German city gives $1.1m to anyone who proves it does not exist

German city gives $1.1m to anyone who proves it does not exist


Bielefeld is a city in north-western Germany. Or is it?  

Legend has it that 25 years ago, a person attended a party in another German city — Kiel. When asked where he comes from he repeatedly replied that his hometown was Bielefeld. 

Bielefeld reportedly has 300,000 inhabitants. Or does it? — Shutterstock German city gives $1.1m to anyone who proves it does not existBielefeld reportedly has 300,000 inhabitants. Or does it? — Shutterstock


As none of the other party guests had ever heard of such a city, everybody thought he had made it up. “Bielefeld? There’s no such thing!” He would hear. This caught the attention of another attendee of the event, computer scientist Achim Beld.

Beld used the occasion to create a fun theory he published in a post on Usenet. He claimed that Bielefeld theoretically does not even exist — and this is how the Bielefeld Conspiracy was born.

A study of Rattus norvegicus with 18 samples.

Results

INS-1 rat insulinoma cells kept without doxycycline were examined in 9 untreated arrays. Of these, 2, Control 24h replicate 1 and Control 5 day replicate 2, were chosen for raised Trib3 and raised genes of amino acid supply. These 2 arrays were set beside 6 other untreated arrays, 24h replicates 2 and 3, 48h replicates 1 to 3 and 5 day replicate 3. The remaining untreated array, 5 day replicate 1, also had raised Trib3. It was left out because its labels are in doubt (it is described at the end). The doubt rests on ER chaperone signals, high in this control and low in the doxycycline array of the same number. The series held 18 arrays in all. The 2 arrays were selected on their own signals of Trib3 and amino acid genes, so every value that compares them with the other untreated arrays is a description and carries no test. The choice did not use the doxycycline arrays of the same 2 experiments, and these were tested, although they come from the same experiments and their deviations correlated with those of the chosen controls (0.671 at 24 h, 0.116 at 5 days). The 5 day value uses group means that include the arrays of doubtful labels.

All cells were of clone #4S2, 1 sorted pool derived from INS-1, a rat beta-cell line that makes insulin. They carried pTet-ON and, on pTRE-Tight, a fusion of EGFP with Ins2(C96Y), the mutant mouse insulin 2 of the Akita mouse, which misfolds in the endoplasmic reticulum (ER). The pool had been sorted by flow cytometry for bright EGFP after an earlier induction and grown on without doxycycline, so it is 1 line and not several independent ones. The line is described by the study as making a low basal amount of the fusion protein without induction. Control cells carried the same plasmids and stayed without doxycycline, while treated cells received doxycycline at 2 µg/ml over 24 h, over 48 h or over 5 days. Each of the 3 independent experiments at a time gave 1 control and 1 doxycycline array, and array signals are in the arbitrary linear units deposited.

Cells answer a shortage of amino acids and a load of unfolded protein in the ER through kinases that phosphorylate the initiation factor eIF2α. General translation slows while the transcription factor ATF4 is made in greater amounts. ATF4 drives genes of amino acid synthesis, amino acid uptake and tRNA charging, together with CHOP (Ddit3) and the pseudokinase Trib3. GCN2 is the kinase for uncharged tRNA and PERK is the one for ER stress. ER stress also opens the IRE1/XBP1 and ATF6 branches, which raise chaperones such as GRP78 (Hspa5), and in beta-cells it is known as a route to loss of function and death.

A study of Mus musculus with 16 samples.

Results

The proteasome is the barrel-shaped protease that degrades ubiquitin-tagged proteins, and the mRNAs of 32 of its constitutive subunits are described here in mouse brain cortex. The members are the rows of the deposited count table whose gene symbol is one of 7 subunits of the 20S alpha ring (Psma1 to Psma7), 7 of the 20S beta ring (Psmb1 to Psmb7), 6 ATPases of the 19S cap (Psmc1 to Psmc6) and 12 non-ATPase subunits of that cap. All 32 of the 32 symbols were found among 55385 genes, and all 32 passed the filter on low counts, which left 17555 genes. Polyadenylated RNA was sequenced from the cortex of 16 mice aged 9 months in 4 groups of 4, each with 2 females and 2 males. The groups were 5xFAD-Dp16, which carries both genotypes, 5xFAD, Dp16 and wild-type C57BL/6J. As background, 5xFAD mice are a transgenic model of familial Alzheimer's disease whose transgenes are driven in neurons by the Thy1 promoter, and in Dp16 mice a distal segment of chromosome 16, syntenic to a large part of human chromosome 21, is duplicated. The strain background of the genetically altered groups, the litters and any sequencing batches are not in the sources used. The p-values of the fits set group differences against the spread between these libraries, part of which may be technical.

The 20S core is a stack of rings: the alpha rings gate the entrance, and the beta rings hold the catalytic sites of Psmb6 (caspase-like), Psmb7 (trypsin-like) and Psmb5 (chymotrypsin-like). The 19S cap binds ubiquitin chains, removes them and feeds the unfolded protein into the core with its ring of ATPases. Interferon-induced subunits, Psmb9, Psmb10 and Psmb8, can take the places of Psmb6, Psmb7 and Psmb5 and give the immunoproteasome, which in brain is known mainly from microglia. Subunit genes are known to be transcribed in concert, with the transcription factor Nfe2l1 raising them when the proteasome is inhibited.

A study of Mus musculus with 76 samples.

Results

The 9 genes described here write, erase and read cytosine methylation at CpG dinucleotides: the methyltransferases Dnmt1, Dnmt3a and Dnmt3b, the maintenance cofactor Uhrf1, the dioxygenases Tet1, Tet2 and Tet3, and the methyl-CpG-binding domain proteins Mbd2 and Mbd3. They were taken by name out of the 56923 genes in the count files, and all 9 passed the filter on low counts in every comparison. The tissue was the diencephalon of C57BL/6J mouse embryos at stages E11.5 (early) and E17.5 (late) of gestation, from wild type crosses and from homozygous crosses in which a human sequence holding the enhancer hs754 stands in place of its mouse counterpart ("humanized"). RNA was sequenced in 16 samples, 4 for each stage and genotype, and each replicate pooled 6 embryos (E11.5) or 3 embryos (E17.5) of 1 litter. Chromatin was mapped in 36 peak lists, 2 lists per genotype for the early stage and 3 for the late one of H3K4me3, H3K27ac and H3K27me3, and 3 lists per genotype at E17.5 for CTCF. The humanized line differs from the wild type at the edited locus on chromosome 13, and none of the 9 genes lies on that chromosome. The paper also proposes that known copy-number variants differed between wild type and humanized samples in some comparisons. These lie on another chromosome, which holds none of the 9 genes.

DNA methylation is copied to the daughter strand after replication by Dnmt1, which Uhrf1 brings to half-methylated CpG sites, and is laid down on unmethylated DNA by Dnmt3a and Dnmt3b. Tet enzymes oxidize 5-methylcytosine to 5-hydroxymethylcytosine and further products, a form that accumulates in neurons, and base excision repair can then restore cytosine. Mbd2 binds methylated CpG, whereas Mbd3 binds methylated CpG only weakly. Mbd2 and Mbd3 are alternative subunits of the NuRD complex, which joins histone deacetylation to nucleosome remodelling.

$1.1 million to a lucky debunker

Beld’s theory spread over the internet and brought certain fame to the 300,000-city that prides itself with a castle and a university. even offers tickets to its main station

“The conspiracy theory picked up speed and began to make the German population believe Bielefeld would not exist,” Bielefeld’s tourism page states.

To finally debunk the theory, the city has decided to pay €1 million ($1.1 million) to anyone that could prove Bielefeld’s nonexistence.

Anyone who is over 16 years of age and would like to disprove the city’s existence can participate via the official page of the contest here. The rules are quite simple and the city accepts responses in both German and English. The deadline for submissions is on 4 September.

“We are excited about the creative submissions and are 99.99 per cent sure that we will be able to refute any claims,” said the head of Bielefeld Marketing, Martin Knabenreich, DW reports.

The theory is built on three main questions. Do you know anybody from Bielefeld? Have you ever been to Bielefeld? Do you know anybody who has ever been to Bielefeld? And people are allowed to use any approach to support the conspiracy theory. 

“How will you prove there is no Bielefeld? The sky’s the limit as far as your creativity is concerned,” said the official page. 

“Whether you use images, videos or text — any type of post is allowed, your pearls of wisdom must just be irrefutable in order to win the #Bielefeldmillion.”